Burundian rice farming project gets a boost from China

Burundi farmers transplant rice seedlings to the main farms in Imbo Plains.

Burundi is heavily reliant on agriculture, with rice farming playing a big role in the quest for food sufficiency and economic empowerment.

But while rice farming in the country continues to grow each season, there is still more to do to optimize the production of the cereal.

In this quest, the East African nation has received much-needed help from China.

The Chinese government has funded a rice farming project that aims to increase rice yields.

Now in its fourth season, the project has seen the introduction of a hybrid rice species that does much better than the indigenous species initially available to farmers.

Not only does the Chinese government fund the project, but it also provides technicians and experts to help Burundi farmers optimize their yields.

The rice project is already having a positive impact on the farmers’ lives. Some have been able to construct houses, others have purchased land and livestock while others have been able to take their children to better schools.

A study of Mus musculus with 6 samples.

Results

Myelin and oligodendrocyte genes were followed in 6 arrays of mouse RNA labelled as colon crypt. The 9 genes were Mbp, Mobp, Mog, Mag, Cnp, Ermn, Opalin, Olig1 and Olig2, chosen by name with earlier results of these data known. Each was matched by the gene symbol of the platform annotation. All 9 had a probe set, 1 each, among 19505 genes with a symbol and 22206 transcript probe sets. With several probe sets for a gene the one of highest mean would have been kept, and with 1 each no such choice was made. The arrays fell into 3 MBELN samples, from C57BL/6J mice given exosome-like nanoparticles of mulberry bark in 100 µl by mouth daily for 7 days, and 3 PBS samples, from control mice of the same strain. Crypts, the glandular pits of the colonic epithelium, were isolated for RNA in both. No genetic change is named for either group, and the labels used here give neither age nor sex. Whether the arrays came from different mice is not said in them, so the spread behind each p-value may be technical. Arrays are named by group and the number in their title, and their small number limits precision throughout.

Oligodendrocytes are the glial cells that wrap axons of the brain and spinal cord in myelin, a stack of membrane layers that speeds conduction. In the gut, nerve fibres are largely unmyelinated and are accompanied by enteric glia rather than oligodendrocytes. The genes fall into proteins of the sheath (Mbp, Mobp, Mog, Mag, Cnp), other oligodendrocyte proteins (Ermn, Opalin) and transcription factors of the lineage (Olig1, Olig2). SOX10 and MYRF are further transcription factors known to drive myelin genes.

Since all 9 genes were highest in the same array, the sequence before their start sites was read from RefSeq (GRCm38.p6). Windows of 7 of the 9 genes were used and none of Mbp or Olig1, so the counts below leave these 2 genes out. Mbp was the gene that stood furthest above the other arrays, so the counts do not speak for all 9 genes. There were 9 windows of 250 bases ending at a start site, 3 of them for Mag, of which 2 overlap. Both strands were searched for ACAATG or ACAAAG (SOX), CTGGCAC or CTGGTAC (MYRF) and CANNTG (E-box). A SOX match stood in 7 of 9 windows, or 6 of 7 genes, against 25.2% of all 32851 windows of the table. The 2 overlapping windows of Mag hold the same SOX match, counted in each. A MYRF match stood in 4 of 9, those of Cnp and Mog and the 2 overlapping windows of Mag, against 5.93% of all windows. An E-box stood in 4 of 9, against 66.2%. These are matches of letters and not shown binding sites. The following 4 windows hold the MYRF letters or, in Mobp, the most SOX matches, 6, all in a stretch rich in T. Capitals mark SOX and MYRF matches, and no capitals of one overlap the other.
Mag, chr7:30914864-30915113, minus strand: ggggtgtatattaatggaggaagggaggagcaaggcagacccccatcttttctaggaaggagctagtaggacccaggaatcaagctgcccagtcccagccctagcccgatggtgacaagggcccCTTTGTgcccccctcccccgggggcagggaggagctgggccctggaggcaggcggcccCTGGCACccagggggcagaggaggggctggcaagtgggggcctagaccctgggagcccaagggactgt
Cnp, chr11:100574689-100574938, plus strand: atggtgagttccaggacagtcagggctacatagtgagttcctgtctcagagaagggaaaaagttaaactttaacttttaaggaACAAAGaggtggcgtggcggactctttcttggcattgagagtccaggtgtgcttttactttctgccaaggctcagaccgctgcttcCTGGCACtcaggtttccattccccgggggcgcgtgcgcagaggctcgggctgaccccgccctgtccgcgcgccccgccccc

“Before I joined this project, I lived in an old house. But now, I have been able to construct a new house and purchased cows. I am also able to take my children to school,” Charles Ngendakumana, a beneficiary of the project said.

“We get more harvests compared to back then and that is why I have managed to make progress in life. As you can see, I have a new house even though I have not completed its construction. I also have four children in private schools. Some are almost finishing primary school now,” Alice Nzeyimana said.

According to the team leader of the project, the farmers are now able to double or even triple their yields using the new Chinese knowledge.

This not only helps Burundi in its quest for food sufficiency but also helps the farmers lift their economic status.

“Before, when we cultivated local variety, production was not good. We got four or five tonnes per hectare. But now we can get good production. For a hectare, we can have ten tonnes or eleven tonnes,” Yang Huade, the team leader of the project said.

With the success already realized so far, Burundians now hope the Chinese team can spread the knowledge further within the country and even beyond its borders.